JOY, 9, Nelson Rd

Number 9, Nelson Road, houses JOY – a delightful, fun fashion shop purveying frothy clubwear, brightly-coloured junk jewellery, clever party jokes and general kitsch.

I adore this shop because it not only has fun stuff to buy as presents for ‘difficult’ people, plays obscure 1950s Rockabilly and stocks gorgeous 1940s-style peep-toe platforms to die for, but it is the most curious of stores architecturally too.

For a long while I used to be totally baffled as to what this was before its present incarnation. It’s part of the delightful Regency parade surrounding the Market place, and, like its immediate neighbours, has a fabulously curlicued wrought iron number plate and a grand little series of wrought-iron balconies on the first floor. If it’s a warm day the window to the balcony will be open and you can peer through gossamer-light bead curtains onto the street below. The shop has wisely retained two stunning carved and polished wood fireplaces, and, oddest of all, the room at the back of the first floor, now used as a dressing room area.

Was this an early bathroom, I used to ponder. It has a mosaic-tiled floor, tiles around the walls and a delicate stained glass window. Frankly, it’s worth trying something on just to take a peek.

My agony was finally eased on Saturday when I discovered that this was a late Victorian GAS SHOWROOM, of all things. Basically, gas was such a trendy – and expensive – commodity in the late 19th century that it was worth having exquisite showrooms to sell it with, which accounts for the number of gas jet holes all over the place – not that I’d have put two and two together. I gather that gas was rather nouveau-riche as a concept – perhaps the equivalent of – oh – I don’t know – hot tubs now, but at least the showroom was stunning. Go check it out.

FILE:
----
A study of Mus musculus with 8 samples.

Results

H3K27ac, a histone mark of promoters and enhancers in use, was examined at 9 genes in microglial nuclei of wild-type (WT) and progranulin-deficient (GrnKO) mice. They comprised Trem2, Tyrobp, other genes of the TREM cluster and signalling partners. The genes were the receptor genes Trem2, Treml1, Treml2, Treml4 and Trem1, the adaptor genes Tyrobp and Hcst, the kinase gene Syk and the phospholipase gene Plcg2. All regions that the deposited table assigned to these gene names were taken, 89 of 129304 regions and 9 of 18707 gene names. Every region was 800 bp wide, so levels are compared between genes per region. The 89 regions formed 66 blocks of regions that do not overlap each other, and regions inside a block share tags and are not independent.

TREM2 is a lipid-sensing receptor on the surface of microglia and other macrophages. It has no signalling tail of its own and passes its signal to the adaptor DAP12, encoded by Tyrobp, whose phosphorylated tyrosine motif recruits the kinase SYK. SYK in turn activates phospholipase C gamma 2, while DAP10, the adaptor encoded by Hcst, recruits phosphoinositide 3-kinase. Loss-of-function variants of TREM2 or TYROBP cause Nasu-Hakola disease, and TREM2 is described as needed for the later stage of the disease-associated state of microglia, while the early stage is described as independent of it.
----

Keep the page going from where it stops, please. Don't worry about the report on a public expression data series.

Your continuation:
In the same parade is a florist, which seems to sadly foretell of the impending social fall of Greenwich. Let me explain. My great friend Tim has a theory that places on the social up-and-up NEVER have florists that actually display flowers in the window. It’s all designer-led squirly sticks, miniature galvanised buckets containing dyed moss and Japanese twigs. This shop used to be much the same. Recently, however, it has branched out and has actually started to sell a few blooms too. Trendy fashionable blooms, of course – no fuchsias here, mate – but blooms all the same. It too, is a lovely shop architecturally, (though to me it always somehow looks closed despite the displays outside) and one of these days I will actually dress up posh and make it inside…

Joy is one of The Phantom’s Favourite Haunts.